TPP-11: The symbolism is strong, the economics are even stronger article image

Signing the TPP-11 could not come at a more important time, said Heath Baker, head of policy at the Export Council of Australia (ECA).

“It shows that despite the protectionism coming out of the US, there is still momentum to increasing shared prosperity through freer trade.

“The ECA welcomes the signing of the TPP-11 (Comprehensive and Progressive Agreement for Trans-Pacific Partnership, also known as the CPTPP).

“But of course, the TPP-11 is not just important due to its symbolism,” he explained. “It is an agreement that will deliver real benefits to Australia and the other ten countries involved.”

The benefits of joining

The TPP-11 gives Australia preferential tariff and services access to Mexico and Canada. It also means better tariffs to current FTA partners for some products, and new access for some services.

“The greatest benefit of the TPP-11 is the way it lowers the cost of doing business between markets,” said Mr Baker.

“For example, the TPP-11 makes it easier for businesses that rely on cross-border data flows – which is most businesses – because it means they now can store data in one country. For businesses exporting goods to more than one of these markets, it simplifies things by setting one set of rules for trading across them.”

The Peterson Institute for International Economics estimated that Australia’s national income in 2030 would be US$12 billion better off than if the TPP didn’t exist.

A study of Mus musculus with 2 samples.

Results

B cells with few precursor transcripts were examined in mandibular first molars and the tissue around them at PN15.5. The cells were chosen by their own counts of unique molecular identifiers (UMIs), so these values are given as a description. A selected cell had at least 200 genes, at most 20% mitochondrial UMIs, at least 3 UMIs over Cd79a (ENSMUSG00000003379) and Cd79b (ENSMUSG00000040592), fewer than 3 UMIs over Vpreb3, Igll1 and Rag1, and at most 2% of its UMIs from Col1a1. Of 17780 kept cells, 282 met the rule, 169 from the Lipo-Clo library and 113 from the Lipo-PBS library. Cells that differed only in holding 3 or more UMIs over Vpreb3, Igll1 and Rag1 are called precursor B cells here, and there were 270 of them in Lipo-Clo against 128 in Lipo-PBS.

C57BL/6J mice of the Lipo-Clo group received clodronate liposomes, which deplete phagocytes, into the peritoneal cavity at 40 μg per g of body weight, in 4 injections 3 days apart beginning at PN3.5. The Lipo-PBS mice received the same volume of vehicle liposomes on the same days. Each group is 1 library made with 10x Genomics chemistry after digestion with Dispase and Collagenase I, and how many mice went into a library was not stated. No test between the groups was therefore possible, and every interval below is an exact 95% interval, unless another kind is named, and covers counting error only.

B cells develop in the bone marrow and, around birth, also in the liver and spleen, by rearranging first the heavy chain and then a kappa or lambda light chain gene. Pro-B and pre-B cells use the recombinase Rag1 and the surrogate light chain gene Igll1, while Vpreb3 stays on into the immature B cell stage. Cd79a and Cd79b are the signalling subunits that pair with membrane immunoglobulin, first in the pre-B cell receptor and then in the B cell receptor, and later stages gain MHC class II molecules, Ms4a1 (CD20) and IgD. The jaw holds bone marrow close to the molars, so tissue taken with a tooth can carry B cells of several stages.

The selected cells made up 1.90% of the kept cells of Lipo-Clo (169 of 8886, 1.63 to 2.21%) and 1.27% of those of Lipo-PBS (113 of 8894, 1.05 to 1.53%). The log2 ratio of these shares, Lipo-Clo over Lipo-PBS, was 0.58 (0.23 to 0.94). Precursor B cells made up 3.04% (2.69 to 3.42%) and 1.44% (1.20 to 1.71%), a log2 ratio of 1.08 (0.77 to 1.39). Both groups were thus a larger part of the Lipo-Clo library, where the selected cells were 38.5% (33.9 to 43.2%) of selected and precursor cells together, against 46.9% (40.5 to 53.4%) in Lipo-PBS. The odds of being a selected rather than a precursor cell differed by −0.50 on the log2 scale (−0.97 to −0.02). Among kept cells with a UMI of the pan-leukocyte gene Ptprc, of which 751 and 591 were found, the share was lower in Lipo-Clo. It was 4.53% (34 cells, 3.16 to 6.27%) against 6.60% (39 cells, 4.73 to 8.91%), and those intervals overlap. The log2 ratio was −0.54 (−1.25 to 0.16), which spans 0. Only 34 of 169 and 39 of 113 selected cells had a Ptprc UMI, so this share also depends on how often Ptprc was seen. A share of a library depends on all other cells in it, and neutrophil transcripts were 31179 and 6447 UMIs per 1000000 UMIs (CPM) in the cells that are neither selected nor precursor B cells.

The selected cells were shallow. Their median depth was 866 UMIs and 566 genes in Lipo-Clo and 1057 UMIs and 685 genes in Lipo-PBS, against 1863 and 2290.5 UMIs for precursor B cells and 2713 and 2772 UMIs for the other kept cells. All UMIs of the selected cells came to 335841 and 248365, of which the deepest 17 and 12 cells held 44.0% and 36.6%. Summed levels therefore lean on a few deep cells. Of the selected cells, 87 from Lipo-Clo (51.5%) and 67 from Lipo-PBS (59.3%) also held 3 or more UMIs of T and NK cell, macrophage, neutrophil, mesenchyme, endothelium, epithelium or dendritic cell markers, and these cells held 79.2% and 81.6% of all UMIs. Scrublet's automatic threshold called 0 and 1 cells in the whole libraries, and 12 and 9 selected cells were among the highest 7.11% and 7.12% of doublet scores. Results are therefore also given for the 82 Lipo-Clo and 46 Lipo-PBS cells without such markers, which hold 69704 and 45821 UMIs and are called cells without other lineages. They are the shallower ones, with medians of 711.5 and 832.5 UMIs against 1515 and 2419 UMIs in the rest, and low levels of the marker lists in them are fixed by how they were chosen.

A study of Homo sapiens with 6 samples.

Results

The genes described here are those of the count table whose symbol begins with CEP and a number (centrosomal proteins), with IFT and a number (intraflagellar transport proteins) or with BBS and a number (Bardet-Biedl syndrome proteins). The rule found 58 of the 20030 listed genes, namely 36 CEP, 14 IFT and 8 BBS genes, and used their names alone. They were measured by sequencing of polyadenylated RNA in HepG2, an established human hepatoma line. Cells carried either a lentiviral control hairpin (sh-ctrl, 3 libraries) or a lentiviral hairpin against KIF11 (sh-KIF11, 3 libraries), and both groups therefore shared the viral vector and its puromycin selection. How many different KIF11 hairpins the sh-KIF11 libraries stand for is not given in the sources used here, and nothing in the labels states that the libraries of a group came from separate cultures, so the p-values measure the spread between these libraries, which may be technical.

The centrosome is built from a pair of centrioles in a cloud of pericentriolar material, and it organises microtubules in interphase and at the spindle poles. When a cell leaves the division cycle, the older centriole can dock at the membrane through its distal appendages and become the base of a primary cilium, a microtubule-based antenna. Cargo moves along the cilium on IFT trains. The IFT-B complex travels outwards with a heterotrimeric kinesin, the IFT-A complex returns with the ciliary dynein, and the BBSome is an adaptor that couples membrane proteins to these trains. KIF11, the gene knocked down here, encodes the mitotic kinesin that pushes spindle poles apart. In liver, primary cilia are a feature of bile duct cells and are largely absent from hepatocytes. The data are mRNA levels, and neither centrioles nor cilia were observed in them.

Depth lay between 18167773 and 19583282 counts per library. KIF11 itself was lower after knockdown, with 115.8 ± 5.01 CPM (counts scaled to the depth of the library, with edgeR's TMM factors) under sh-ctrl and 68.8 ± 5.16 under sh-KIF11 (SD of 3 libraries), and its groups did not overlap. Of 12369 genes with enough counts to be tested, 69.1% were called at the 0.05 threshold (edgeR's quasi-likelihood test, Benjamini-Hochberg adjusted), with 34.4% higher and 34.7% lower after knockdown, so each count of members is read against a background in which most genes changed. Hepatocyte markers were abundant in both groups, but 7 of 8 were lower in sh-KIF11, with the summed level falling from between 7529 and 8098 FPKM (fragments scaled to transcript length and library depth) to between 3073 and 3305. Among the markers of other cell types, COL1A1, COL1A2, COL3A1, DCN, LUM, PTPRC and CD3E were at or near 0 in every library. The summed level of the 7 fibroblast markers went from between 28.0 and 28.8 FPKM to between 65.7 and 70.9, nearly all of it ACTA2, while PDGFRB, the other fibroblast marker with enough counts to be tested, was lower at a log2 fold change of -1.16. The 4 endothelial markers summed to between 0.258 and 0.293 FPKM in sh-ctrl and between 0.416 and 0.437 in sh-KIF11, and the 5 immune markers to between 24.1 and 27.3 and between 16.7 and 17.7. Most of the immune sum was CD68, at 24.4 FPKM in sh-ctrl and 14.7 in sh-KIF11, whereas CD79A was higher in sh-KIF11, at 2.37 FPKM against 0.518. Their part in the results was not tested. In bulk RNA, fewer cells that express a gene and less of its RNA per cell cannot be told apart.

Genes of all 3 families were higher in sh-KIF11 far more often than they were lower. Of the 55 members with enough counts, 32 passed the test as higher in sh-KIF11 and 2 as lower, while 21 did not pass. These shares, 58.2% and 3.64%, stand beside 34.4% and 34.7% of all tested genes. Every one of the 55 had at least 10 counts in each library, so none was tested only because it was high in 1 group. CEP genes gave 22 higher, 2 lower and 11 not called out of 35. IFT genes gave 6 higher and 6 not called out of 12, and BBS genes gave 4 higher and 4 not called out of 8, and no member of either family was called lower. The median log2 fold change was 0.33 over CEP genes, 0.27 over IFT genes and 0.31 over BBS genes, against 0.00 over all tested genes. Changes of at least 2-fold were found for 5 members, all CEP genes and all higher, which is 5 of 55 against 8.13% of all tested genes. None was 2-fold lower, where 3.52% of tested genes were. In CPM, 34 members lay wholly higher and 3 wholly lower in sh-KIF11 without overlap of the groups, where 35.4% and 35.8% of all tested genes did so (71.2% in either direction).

There are also indirect benefits.

“People don’t realise that additional benefits flow from a lower tariff. When you can sell at a lower price, you can sell more,” said Mr Baker. “This means you can negotiate lower rates in your supply and logistics chain. This can add up to more sales, meaning more jobs.”

But the benefits of joining aren’t just economic.

“The reason that Barak Obama pushed the TPP was to establish the next generation of trade rules. Even without the US, the TPP-11 still does this. In some ways it’s a better agreement without the US, because the TPP-11 doesn’t include the US’s offensive interests around intellectual property.

“That makes the TPP-11 a lower-cost agreement for other countries to join, meaning more of them are likely to join in the future.”

The costs of staying out

For Australia, the economic cost of staying out isn’t just the US$12 billion less in 2030, Mr Baker says.

“The TPP will go ahead regardless of whether or not Australia is in. That means we need to look at the cost of being outside the TPP when other countries are in it.

“This would mean TPP parties that compete with Australia will have better access. For example, Canadian beef would have better access to a key market like Japan.”

There are also political costs.

“Australia is not only a champion of the TPP-11, but free trade globally. The world can’t afford to lose another champion of free trade at the moment.”

Don’t over-egg the spaghetti

Many economists have criticised the growing number of free trade agreements as creating a spaghetti or noodle bowl which is hard for businesses to navigate.

“I’ve never heard a business complain about too much market access,” said Mr Baker.

“But while there’s definitely scope to reduce complexity by making the rules of FTAs easier to comply with, you shouldn’t use that to criticise the TPP-11.

“By bringing multiple countries under one FTA, it simplifies things for businesses. If it’s too much of an administrative burden to switch between using several different FTAs, the TPP-11 means businesses can choose to just use, high-quality agreement.”